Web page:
Materials scientists are coming up with ways to make circuits from biological materials

3 min read
A computer keyboard laying in the grass.
Photo: Konstantin Inozemtsev/Getty Images

The United Nations estimates that people throw away about 50 million metric tons of electronics every year. One way to lessen the problem, some scientists say, may be to use biological materials—including plant dyes and DNA—to build devices that are biodegradable and biocompatible.

“We have to be ashamed” of the amount of e-waste humanity produces, Mihai Irimia-Vladu told a symposium on organic bioelectronics at the December meeting of the Materials Research Society, in Boston. Irimia-Vladu, a materials scientist at Joanneum Research in Weiz, Austria, has used cellulose as a dielectric layer in an inverter circuit and shellac as a dielectric in organic field-effect transistors. Many other biological materials could be transformed into suitable dielectrics, he says, including aloe, silk, and egg whites. Beeswax and carnauba wax—derived from a species of palm tree—could make dielectrics that are also hydrophobic, which might be useful in some applications, Irimia-Vladu says.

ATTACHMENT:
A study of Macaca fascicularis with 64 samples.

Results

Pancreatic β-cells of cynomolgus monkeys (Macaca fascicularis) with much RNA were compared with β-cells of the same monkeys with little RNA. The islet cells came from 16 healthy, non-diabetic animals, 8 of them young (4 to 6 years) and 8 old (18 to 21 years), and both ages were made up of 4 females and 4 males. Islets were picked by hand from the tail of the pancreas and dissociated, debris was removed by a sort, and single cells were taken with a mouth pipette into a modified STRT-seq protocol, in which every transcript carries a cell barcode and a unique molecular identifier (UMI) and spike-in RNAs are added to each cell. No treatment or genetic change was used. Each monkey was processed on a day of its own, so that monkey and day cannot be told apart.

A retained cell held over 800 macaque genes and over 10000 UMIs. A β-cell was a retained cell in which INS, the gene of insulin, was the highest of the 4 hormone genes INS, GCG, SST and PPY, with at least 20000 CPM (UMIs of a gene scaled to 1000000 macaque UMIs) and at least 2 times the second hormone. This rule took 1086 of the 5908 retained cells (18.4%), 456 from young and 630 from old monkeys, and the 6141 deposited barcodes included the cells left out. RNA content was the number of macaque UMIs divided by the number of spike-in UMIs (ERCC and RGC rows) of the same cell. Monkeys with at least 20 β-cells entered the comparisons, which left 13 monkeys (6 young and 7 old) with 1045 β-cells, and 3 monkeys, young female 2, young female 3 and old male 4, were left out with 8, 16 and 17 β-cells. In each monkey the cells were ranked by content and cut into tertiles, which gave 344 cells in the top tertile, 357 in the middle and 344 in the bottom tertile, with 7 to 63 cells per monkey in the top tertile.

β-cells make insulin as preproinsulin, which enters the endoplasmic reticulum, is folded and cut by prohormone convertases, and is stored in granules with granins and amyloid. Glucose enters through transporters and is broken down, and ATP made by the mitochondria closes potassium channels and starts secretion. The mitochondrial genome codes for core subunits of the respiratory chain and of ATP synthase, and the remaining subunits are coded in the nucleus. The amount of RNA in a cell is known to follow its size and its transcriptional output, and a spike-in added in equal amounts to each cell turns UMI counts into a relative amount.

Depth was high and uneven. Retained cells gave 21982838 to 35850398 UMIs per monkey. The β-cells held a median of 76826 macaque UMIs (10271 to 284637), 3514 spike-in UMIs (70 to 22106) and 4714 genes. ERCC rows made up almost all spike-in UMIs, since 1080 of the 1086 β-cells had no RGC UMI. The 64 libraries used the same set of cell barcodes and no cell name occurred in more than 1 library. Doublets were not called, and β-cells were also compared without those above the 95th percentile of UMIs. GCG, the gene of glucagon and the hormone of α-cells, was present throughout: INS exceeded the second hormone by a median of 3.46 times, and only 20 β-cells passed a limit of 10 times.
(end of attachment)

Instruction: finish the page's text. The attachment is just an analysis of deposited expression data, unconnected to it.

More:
Avicena’s blue microLEDs are the dark horse in a race with Ayar Labs’ laser-based system

5 min read
Diffuse blue light shines from a patterned surface through a ring. A blue cable leads away from it.

Avicena’s microLED chiplets could one day link all the CPUs in a computer cluster together.


If a CPU in Seoul sends a byte of data to a processor in Prague, the information covers most of the distance as light, zipping along with no resistance. But put both those processors on the same motherboard, and they’ll need to communicate over energy-sapping copper, which slow the communication speeds possible within computers. Two Silicon Valley startups, Avicena and Ayar Labs, are doing something about that longstanding limit. If they succeed in their attempts to finally bring optical fiber all the way to the processor, it might not just accelerate computing—it might also remake it.

Both companies are developing fiber-connected chiplets, small chips meant to share a high-bandwidth connection with CPUs and other data-hungry silicon in a shared package. They are each ramping up production in 2023, though it may be a couple of years before we see a computer on the market with either product.